Monday, April 30, 2018

one month post op

We are officially a month out from our shunt revision in March, and I can happily say that this surgery was an excellent decision.

I can’t tell you how good it feels to type that because in the days leading up to it, J.B. and I felt absolutely tortured. Her scans were so clear, but her symptoms were so bad. It was logically the next step, but it’s also incredibly hard to give the nod to a neurosurgeon when you don’t have brain scans to back up the decision. 




Needless to say, we brought home a change gal last month. And it’s stunned us over and over again to watch her bloom. Because her shunt failure was so slow and intermittent, we never saw the dramatic change that many people experience in this situation. We didn’t even realize just how different she had become over time until after surgery, when her full, feisty personality came back in full force.




I guess I say all that to say:
Follow your gut. Mom gut is so real.
Trust your team. I’d put my money on Vanderbilt’s neurosurgery team a hundred times over, and I’m so glad to have the relationship with them that we do.

Now, we just get to watch Eliza doing what she does best: impress us! Her already fantastic language has blown up! Her physical therapy has taken off! And her overall attitude is just so dang enjoyable! Even that big patch of hair they had to shave worked out fine. It's right under where her hair bow rests! Woohoo!





God is good all the time! And all the time, God is good.

Sunday, April 1, 2018

Shunt life, take two


We squeaked in our D.C. trip for Jake just days before Eliza was scheduled to have surgery, but as soon as we were home again, it was back to business. While it wasn't emergent, our gal really needed some serious attention.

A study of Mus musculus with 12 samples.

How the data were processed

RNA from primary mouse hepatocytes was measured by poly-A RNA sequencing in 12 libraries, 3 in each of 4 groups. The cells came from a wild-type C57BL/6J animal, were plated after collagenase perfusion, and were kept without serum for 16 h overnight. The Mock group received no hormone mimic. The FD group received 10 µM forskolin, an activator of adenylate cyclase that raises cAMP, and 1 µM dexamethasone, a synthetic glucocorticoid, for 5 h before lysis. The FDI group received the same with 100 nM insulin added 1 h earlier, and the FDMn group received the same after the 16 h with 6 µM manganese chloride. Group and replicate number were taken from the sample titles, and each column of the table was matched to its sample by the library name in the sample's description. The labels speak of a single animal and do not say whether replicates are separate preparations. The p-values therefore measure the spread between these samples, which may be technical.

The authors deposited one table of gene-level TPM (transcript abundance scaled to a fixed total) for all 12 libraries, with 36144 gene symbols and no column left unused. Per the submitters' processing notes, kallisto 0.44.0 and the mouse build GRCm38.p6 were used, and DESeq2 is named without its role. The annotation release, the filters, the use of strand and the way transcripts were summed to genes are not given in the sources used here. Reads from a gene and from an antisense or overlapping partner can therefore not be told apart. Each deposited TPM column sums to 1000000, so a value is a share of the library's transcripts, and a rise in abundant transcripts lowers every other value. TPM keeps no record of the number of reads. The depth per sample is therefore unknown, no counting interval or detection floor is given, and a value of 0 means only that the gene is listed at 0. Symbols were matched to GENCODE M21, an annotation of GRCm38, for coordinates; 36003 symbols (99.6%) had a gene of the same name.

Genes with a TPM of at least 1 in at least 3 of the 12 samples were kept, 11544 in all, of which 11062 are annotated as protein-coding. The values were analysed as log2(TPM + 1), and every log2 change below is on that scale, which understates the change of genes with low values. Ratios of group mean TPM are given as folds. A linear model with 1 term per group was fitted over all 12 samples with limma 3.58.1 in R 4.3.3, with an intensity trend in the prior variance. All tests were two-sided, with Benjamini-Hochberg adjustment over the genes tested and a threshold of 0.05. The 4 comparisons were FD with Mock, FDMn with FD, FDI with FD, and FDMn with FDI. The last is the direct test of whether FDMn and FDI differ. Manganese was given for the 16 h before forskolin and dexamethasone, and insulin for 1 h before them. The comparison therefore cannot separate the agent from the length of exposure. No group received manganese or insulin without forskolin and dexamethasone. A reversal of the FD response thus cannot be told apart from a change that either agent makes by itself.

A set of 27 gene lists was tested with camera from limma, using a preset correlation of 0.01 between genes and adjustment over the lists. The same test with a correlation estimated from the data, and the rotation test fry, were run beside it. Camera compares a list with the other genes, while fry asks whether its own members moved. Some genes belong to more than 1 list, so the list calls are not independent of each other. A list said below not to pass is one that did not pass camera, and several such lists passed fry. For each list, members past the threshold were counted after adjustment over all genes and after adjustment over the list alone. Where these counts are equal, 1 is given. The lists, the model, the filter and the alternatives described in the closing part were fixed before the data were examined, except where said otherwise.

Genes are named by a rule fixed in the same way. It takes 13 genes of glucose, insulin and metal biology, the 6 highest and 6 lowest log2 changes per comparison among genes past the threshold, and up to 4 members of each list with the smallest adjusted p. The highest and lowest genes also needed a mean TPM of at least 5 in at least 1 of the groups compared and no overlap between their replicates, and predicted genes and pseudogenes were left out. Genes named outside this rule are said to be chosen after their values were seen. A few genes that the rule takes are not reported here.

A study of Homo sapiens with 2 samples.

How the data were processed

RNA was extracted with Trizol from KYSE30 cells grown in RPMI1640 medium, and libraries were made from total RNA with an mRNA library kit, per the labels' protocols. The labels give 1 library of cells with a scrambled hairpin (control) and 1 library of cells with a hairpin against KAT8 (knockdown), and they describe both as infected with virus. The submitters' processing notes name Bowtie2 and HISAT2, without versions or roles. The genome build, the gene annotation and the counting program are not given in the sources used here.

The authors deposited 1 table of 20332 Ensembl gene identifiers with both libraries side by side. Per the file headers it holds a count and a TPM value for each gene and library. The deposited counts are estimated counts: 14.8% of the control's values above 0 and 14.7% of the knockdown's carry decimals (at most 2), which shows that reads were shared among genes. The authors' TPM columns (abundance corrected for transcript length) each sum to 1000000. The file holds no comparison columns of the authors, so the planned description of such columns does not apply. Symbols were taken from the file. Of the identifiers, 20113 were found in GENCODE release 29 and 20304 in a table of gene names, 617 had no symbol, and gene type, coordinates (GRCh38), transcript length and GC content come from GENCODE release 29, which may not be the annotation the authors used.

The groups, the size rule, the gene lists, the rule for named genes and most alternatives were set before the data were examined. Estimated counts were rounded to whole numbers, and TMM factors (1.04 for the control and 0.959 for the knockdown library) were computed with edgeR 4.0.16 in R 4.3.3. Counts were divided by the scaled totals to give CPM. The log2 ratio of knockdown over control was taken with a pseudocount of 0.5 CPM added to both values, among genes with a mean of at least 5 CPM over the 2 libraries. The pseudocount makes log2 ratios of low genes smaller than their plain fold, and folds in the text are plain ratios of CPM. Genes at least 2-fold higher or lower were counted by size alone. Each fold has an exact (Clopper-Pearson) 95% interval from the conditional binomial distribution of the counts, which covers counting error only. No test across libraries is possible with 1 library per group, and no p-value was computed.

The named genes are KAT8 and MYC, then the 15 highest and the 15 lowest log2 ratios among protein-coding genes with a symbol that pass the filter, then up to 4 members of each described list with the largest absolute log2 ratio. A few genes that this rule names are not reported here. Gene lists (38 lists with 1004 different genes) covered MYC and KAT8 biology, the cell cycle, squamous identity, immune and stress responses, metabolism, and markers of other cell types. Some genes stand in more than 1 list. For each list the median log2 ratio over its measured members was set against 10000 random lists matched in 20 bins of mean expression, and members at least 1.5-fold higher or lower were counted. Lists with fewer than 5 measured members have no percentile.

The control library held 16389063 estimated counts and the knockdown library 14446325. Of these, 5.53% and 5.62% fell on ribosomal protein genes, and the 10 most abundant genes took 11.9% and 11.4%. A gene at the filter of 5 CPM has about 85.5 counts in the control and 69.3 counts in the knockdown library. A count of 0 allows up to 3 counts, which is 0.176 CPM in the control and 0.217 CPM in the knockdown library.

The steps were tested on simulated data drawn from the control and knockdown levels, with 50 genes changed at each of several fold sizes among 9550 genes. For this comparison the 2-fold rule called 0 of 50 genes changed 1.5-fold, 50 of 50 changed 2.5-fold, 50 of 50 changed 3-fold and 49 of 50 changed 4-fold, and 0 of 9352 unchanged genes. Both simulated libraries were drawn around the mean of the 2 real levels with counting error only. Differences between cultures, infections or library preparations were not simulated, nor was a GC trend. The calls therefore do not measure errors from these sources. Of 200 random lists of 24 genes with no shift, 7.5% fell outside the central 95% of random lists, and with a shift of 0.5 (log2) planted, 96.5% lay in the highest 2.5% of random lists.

We arrived at Vanderbilt in the wee morning hours and after a good deal of prep, our gal was in the operating room by 10 a.m.. 

The surgery that our neurosurgery team would be doing would be an exploratory brain surgery and a shunt revision. What is a shunt? Well, Eliza has a condition known as hydrocephalus, which is very common among individuals with spina bifida. It means that cerebral spinal fluid created in the brain has a hard time draining down through the rest of her body. Obviously, the brain cannot have massive fluid build up! Most with hydrocephalus have a shunt in their brain that creates a path for the spinal fluid to drain properly.

Despite the fact that its brain surgery, shunt surgeries are typically pretty quick and simply, thankfully. Our neuro team was taking quite a bit longer in the operating room this time because they were also doing an exploratory surgery along with the revision. Giving the confusing nature of both her symptoms and her scans, it wasn't clear if Eliza's shunt really was malfunctioning or working property. Basically they wanted to troubleshoot the existing shunt in order to confirm the malfunction. This was our biggest worry. What if they didn't find anything wrong with it? What if we sent our gal into the O.R. for no reason? Even though it was the best option for her, this mama was seriously stressing in the waiting room.

Thankfully, in the operating room, our neurosurgeon did find that Eliza's shunt had several clogs in it. It was only partially functioning. After replacing all the equipment in her little noggin', she was stitched up and sent on to recovery.




While her anesthesia recovery was a hot mess (typical for my gal), she actually slept well in the hospital that night. I credit it to the massive amount of Disney movies that I brought with us. I wore her out with cartoons and the nurses loved coming into our room and bursting into song. Since she was eating and sleeping well, the neuro team felt comfortable sending her home early. After just one night! Go Eliza!




 And what a girl I brought home! She was absolutely changed!! Her personality was so bright! Her speech crystal clear! She was busy and silly and fun! This malfunction had been going on for so long (4 months) that we had almost forgotten what life used to be like. No pressure on her brain? Of course she feels better! It was such a joyful celebration to see her light up again!

We'll have to work on that big section of shaved hair, but by golly, a small price to pay to have our gal back!